Hanson ascended to No. 2 in the European Tour’s Race to Dubai after his victory last Sunday at the BMW Masters, where he edged McIlroy by a stroke. But even the 35-year-old Swede admitted Monday, “The way (Rory) is playing at the moment, it will take a tremendous effort for someone to catch him.”
Hanson’s triumph in Shanghai hasn’t yet altered his end-of-season plans, though it soon might. He trails McIlroy by €812,272 ($1,053,498), which is a pretty sizable advantage considering the world No. 1 is planning to play three more European Tour events: The Barclays Singapore Open, UBS Hong Kong Open and season-ending DP World Tour Championship in Dubai.
Hanson said on “Morning Drive” that if he plays well this week at the WGC-HSBC Champions, he would consider teeing it up the following week in Singapore. Otherwise, his plan is to return to the States for a few weeks – he lives in Orlando, Fla. – and return for the season finale in Dubai. By then, of course, his deficit could be insurmountable.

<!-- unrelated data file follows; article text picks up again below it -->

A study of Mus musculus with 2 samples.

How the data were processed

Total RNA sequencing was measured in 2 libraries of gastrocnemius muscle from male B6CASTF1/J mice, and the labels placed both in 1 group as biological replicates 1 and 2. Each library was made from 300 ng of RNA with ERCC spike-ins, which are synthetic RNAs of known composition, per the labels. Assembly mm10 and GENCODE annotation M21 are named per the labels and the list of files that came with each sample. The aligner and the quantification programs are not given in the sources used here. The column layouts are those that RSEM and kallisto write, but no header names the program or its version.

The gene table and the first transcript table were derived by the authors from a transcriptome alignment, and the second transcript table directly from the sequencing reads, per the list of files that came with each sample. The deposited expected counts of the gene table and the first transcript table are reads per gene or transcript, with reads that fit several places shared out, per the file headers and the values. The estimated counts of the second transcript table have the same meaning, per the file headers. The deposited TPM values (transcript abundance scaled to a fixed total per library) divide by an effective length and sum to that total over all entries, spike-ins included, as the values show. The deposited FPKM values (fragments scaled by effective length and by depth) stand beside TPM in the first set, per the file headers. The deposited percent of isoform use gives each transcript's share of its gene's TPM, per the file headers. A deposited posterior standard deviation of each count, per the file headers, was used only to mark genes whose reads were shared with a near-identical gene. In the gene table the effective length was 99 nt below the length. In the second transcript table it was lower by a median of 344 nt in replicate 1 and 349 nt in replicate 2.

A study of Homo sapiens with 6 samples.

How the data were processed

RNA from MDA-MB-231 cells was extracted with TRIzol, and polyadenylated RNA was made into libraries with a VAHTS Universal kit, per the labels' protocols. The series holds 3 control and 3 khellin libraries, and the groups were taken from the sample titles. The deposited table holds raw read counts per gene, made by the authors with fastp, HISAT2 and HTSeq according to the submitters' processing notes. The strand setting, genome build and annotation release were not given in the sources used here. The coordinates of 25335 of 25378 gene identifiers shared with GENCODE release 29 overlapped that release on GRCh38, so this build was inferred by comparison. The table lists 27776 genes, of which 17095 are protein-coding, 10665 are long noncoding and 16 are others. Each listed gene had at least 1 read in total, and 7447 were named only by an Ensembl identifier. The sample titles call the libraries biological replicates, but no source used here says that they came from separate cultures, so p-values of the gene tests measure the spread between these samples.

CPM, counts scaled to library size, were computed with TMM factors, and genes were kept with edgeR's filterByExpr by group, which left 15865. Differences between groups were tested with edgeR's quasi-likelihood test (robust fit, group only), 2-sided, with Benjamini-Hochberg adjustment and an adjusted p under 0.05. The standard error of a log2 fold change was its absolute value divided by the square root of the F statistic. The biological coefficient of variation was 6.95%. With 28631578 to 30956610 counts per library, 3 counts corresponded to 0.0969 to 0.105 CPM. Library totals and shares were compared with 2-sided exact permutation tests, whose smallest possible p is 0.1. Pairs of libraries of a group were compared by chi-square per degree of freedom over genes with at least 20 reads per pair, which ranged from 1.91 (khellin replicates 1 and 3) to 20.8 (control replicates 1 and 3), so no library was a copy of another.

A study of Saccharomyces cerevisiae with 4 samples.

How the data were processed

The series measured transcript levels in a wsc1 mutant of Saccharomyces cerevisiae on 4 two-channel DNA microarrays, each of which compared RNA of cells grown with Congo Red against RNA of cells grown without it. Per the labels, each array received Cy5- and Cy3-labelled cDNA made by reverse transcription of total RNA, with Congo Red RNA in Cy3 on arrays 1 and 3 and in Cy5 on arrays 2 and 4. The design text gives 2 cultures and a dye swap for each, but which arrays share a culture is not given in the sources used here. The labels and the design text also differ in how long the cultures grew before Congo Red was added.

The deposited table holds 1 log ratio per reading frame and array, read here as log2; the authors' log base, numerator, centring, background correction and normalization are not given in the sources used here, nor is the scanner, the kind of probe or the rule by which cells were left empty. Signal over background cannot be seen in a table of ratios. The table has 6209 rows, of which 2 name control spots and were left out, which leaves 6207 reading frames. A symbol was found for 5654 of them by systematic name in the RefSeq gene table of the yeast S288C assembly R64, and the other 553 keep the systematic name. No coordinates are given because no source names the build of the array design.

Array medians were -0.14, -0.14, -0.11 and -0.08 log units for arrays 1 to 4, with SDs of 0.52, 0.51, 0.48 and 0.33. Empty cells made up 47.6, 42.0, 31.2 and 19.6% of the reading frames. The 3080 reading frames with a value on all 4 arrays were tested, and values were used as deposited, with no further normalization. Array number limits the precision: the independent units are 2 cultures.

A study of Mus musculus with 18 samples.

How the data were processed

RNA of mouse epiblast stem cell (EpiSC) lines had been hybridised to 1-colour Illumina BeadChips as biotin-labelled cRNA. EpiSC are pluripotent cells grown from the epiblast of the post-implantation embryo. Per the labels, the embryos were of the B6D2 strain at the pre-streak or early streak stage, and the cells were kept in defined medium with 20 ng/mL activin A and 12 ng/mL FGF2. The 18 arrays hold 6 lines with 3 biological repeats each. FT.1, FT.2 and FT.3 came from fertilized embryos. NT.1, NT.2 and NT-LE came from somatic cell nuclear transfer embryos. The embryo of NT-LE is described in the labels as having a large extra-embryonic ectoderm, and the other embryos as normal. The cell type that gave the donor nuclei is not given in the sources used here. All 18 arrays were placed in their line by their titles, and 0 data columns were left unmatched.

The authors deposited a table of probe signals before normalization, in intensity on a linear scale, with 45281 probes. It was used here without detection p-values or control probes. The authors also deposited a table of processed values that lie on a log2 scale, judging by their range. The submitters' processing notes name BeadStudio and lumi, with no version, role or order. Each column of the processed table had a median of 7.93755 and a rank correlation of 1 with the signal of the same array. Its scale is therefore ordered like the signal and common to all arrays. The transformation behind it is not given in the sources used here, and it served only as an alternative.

He has risen to a career-best 17th in the Official World Golf Ranking, and the Swede described this season as “easily the best year of my career.”
Apparently, that was the source of his disappointment at the recent Ryder Cup. Though the Europeans staged an incredible rally on the final day to retain the cup, Hanson was still brooding over his Saturday benching, during which he reportedly got into a heated exchange with captain Jose Maria Olazabal.
“You try to qualify for a year and work really hard to get in form,” Hanson said, “and when you play on the same side as 11 of the world’s top players, it’s hard to get a spot. I just have to keep working on my game and try to improve, and hopefully I’ll qualify for another team in the future and play a few more matches.
“I tried to get as good as I possibly could, and that good play spilled out in Holland (also won last month’s KLM Open) and last week as well.”